Nearly half the Senate Democratic Conference, including 10 committee chairmen, sent a letter to President Obama pressing him to shift his strategy in Afghanistan and begin a major drawdown of troops.
Those 24 senators were joined by one Independent and two members of the Senate Tea Party Caucus, all of them urging the president to make significant policy changes as Obama’s self-imposed July deadline for a troop drawdown approaches.
“We write to express our strong support for a shift in strategy and the beginning of a sizable and sustained reduction of U.S. military forces in Afghanistan, beginning in July 2011,” the lawmakers wrote Wednesday.
This is the strongest message yet from the Senate. When they voted last year on the Feingold amendment to require a timeline for withdrawal from Afghanistan, only 18 senators voted in favor, at a time when Democrats had a stronger majority in the Senate.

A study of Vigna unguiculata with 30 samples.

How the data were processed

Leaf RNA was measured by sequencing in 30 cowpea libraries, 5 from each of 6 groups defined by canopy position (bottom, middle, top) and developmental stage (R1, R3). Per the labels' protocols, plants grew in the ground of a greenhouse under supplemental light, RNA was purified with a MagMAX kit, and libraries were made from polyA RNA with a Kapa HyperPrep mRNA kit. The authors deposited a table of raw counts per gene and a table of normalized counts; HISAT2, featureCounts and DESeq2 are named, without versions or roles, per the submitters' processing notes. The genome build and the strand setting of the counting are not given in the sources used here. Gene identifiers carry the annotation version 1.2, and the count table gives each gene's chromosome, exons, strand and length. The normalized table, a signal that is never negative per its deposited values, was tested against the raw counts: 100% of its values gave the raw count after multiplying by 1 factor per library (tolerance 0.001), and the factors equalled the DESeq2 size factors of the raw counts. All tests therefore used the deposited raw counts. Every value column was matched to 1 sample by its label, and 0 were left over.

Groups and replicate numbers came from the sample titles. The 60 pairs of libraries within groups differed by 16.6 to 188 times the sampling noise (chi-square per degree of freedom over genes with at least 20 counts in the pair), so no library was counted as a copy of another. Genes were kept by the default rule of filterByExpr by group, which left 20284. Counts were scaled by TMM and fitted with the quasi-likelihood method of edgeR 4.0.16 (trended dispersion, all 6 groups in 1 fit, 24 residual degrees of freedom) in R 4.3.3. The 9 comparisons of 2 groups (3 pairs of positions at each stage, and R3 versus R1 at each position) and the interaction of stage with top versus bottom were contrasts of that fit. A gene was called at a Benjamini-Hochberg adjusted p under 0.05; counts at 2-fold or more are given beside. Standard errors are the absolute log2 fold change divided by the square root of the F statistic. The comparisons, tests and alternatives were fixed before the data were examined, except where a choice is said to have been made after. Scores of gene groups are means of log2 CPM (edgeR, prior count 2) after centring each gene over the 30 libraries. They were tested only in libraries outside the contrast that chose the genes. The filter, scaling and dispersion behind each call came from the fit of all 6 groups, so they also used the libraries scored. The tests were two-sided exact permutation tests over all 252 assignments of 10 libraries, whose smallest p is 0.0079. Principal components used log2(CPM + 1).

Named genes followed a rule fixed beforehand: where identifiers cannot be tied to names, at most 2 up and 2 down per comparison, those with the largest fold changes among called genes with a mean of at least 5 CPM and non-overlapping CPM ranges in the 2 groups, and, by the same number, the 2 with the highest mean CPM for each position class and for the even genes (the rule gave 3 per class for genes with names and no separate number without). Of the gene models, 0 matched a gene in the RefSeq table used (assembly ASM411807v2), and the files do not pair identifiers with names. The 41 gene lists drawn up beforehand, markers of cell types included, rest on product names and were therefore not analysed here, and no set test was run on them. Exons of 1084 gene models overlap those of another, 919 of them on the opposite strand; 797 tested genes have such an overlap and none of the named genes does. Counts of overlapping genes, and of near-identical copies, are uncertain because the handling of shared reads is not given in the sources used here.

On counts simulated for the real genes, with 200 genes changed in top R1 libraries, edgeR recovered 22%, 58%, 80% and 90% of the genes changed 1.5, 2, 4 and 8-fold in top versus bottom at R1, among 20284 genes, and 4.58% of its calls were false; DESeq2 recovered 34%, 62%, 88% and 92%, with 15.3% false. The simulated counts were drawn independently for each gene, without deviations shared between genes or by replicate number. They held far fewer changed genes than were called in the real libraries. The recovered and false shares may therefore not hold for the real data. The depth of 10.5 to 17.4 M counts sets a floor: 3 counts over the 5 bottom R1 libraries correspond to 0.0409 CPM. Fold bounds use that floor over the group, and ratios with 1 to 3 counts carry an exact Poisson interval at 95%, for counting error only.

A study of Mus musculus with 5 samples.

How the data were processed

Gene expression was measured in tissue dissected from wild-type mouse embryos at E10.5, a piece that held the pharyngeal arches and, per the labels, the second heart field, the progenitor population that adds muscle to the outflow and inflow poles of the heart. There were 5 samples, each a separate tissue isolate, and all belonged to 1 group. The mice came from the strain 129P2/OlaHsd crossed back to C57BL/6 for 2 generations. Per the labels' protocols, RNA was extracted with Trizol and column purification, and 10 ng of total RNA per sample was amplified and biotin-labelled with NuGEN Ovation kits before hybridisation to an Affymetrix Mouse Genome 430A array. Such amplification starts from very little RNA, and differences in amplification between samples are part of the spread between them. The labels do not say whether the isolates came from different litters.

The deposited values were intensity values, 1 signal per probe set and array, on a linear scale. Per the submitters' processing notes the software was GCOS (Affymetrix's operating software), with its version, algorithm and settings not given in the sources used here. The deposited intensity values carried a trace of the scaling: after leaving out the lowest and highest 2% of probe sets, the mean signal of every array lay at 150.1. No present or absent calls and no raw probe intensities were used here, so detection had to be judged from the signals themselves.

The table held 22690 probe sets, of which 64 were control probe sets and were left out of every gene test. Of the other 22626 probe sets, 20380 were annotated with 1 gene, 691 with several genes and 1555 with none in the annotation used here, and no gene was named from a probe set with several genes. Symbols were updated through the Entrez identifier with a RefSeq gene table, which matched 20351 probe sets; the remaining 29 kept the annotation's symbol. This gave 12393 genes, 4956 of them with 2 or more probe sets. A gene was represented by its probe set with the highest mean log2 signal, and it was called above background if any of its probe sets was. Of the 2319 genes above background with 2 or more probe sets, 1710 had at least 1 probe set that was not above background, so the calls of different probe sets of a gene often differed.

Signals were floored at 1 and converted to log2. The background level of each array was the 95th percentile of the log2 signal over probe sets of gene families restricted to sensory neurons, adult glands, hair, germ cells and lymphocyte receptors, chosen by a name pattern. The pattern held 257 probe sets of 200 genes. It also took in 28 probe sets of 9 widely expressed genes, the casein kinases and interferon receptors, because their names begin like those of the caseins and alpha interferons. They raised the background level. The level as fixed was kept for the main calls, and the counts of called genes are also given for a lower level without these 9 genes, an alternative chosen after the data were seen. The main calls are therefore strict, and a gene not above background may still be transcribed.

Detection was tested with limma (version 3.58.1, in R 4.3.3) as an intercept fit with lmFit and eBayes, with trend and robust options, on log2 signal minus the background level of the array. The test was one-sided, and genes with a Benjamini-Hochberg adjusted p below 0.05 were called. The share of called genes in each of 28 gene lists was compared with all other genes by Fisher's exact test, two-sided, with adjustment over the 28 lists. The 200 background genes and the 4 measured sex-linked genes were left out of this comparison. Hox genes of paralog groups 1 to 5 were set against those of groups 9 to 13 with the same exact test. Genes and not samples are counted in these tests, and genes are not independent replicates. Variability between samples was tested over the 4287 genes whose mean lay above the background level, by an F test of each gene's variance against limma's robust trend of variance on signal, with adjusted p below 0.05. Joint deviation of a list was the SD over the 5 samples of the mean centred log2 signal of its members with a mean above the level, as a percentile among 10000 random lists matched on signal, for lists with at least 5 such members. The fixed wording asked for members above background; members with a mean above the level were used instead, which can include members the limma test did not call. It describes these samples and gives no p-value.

The letter adds to the pressure generated by the House vote on the McGovern/Jones amendment, which had the support of nearly every Democrat and 26 Republicans. It’s also notable because the Senate has had much less antiwar activity over the last couple of years compared to the flurry of bills proposed in the House.
Greg Sargent lays out the significance of the letter:
Any time nearly a third of the Senate speaks on anything, it’s a significant statement. And the range of signatories — it includes Dem leaders Chuck Schumer and Dick Durbin, as well as a host of moderate Democrats and Republicans Mike Lee and Rand Paul, hinting at a right-left alliance against the war — clearly demonstrates that the mainstream position is for speedy withdrawal.
Read the full text of the letter and see the list of signers here.
Thank you to all of you who called your senators to urge them to sign. The drumbeat against the war in Afghanistan has grown enormously over the last two years thanks to your efforts, and we will continue to push in the remaining days before President Obama makes his announcement.